Concerns have been raised about the funding allocation for the health service in Stormont’s budget set by the Secretary of State.
Chris Heaton-Harris announced allocations for departments in the continued absence of devolved government in the region.
It includes increased funding for the health service, but Mr Heaton-Harris admitted he was unsure whether that would be enough to provide pay rises for NHS staff.
Tom Black, chairman of the Northern Ireland Council of the British Medical Association, said that while he welcomed any additional funding for the health service, the amount “is simply not enough” to meet the health pressures.
He added: “As we see in our hospitals, emergency departments and medical practices, services are already at breaking point or have completely collapsed.
“Doctors and health service staff have had to provide patient care under increasing and dangerous pressures.
“This is unacceptable and causes moral distress among doctors.”
Mr Black said the lack of detail on doctors’ pay in Thursday’s statement is “concerning”.
He continued: “The Secretary of State must recognize that health service personnel are essential to the delivery of important frontline services.
“The level of dissatisfaction, low morale and burnout among doctors is higher than it has ever been.
“This is compounded by successive low salary awards combined with delays in receiving those awards.
“It also pushes young doctors to leave the health service to go to other countries and our more experienced doctors to retire early at a time when we need to recruit and retain them.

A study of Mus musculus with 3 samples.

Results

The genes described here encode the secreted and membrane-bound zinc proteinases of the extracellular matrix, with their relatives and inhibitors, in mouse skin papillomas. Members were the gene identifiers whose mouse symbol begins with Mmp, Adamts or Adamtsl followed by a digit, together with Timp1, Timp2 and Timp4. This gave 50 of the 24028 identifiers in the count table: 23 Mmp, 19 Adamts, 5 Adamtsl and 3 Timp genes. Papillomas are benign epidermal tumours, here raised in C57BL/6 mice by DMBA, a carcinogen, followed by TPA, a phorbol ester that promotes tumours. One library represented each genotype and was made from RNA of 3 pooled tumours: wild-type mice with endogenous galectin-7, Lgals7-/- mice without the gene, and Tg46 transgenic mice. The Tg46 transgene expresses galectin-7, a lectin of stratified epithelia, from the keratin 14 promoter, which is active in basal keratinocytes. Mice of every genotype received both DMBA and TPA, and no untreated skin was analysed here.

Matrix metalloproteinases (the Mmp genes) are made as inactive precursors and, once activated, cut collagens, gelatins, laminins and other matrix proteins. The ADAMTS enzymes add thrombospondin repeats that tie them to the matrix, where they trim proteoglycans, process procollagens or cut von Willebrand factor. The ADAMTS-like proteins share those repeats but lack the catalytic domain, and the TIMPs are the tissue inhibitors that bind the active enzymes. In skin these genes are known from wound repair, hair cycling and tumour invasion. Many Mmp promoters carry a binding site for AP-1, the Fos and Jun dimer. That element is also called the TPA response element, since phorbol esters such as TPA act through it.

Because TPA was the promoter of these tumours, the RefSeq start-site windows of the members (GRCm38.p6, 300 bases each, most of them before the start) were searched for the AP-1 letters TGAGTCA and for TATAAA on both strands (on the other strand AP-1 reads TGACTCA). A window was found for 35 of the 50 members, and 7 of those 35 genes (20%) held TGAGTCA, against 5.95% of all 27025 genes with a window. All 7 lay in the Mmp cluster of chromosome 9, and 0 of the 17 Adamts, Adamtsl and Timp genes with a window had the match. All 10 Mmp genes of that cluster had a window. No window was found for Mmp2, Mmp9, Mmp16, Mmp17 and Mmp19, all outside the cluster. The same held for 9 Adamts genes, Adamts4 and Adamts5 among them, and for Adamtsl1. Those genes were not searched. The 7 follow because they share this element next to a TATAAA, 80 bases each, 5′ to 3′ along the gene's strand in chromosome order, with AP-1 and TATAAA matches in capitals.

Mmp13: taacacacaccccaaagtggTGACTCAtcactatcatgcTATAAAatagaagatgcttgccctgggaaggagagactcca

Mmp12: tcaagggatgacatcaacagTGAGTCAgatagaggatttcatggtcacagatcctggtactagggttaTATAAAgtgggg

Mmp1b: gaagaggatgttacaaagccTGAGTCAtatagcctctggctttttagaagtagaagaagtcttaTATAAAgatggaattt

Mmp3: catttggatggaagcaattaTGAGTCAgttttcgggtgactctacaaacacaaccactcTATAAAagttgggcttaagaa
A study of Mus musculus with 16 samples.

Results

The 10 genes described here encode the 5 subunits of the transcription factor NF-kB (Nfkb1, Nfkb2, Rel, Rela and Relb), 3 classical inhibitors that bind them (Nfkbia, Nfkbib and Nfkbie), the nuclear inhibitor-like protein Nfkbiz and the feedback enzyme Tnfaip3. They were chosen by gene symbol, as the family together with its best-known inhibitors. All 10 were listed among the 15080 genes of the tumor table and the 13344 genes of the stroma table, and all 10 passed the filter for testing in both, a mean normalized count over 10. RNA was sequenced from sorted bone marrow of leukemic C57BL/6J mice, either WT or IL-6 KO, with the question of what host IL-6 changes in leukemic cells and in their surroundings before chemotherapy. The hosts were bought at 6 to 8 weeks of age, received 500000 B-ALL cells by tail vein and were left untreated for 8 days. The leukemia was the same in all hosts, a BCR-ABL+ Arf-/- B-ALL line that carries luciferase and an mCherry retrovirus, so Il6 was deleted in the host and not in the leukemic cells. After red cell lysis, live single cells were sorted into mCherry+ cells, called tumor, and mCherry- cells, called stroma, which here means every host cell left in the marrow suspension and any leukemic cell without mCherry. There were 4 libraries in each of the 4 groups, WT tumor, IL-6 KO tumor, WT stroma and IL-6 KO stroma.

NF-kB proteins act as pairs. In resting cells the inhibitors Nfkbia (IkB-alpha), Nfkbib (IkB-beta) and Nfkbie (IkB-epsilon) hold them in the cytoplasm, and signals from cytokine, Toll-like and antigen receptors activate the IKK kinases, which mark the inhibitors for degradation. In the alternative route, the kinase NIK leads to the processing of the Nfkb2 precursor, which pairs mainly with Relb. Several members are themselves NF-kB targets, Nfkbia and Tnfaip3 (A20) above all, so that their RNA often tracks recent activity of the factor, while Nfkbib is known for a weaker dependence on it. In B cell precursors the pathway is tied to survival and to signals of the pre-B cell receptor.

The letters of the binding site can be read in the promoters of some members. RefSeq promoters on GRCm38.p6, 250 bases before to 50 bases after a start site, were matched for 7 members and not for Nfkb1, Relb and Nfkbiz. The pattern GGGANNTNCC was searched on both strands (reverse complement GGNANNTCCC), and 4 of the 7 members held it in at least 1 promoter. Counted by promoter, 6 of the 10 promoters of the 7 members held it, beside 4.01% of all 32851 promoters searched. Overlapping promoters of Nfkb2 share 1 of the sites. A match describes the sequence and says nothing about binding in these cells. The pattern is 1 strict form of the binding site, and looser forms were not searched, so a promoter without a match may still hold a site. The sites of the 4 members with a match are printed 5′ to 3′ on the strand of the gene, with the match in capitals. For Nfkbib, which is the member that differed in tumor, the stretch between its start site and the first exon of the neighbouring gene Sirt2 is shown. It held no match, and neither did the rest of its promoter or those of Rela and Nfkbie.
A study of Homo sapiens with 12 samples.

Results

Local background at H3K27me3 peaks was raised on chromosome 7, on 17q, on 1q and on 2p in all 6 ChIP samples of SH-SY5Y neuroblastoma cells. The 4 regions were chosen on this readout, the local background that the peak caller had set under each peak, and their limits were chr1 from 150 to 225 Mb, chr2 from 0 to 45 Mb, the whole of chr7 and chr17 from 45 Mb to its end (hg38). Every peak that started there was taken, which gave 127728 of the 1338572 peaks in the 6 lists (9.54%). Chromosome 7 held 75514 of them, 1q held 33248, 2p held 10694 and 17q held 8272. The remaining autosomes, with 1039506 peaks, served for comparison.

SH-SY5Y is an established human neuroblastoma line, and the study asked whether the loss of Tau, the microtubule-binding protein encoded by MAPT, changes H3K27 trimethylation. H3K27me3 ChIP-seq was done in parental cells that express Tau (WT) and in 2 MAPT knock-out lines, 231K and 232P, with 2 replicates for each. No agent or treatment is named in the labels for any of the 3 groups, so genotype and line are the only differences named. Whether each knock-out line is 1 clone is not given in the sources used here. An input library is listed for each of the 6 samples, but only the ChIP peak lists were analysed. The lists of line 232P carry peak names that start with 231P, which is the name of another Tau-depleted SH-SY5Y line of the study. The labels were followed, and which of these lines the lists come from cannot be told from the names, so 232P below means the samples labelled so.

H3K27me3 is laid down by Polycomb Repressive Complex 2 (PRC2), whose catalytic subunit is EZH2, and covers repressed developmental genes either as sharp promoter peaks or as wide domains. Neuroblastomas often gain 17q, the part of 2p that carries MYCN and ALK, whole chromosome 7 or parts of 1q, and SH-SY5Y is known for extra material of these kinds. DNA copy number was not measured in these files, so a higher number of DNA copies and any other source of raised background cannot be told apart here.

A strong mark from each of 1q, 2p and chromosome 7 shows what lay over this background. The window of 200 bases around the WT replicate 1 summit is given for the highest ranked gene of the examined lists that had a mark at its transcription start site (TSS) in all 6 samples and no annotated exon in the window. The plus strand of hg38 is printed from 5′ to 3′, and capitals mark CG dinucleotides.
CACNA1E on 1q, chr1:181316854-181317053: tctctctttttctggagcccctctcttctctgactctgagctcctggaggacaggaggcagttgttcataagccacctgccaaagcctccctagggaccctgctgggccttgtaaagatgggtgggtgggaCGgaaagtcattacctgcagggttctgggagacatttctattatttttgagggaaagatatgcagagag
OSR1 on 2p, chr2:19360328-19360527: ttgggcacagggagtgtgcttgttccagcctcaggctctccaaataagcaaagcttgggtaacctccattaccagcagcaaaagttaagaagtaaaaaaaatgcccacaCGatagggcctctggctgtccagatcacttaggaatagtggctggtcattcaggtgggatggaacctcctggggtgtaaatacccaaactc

“The growing workload pressures and patient access issues we are currently seeing across our health services are due to historically insufficient funding levels and the failure of successive governments to recognize that the health workforce is its most valuable asset.
“This budget statement does little to address that.”
Meanwhile, Ann McGregor, chief executive of the Northern Ireland Chamber of Commerce and Industry, said she was concerned about “difficult times ahead”.
She added: “NI Chamber has been calling for a budget for Northern Ireland for some time.
“Today we see the cumulative impact of the absence of an agreed budget, coupled with the prolonged absence of strategic decision-making on difficult issues by a functional executive.
“Until we finally address the fiscal challenges in health, education and infrastructure, it is simply true that citizens will continue to suffer from suboptimal services and there will be less of resources year after year to focus on economic growth and job creation.
“Times ahead will be challenging, but with a deeper partnership between business and policy makers, we can innovate, increase efficiency and find lasting solutions to our fiscal challenges.
“NI Chamber will do everything in its power to help find a way through the myriad difficulties.”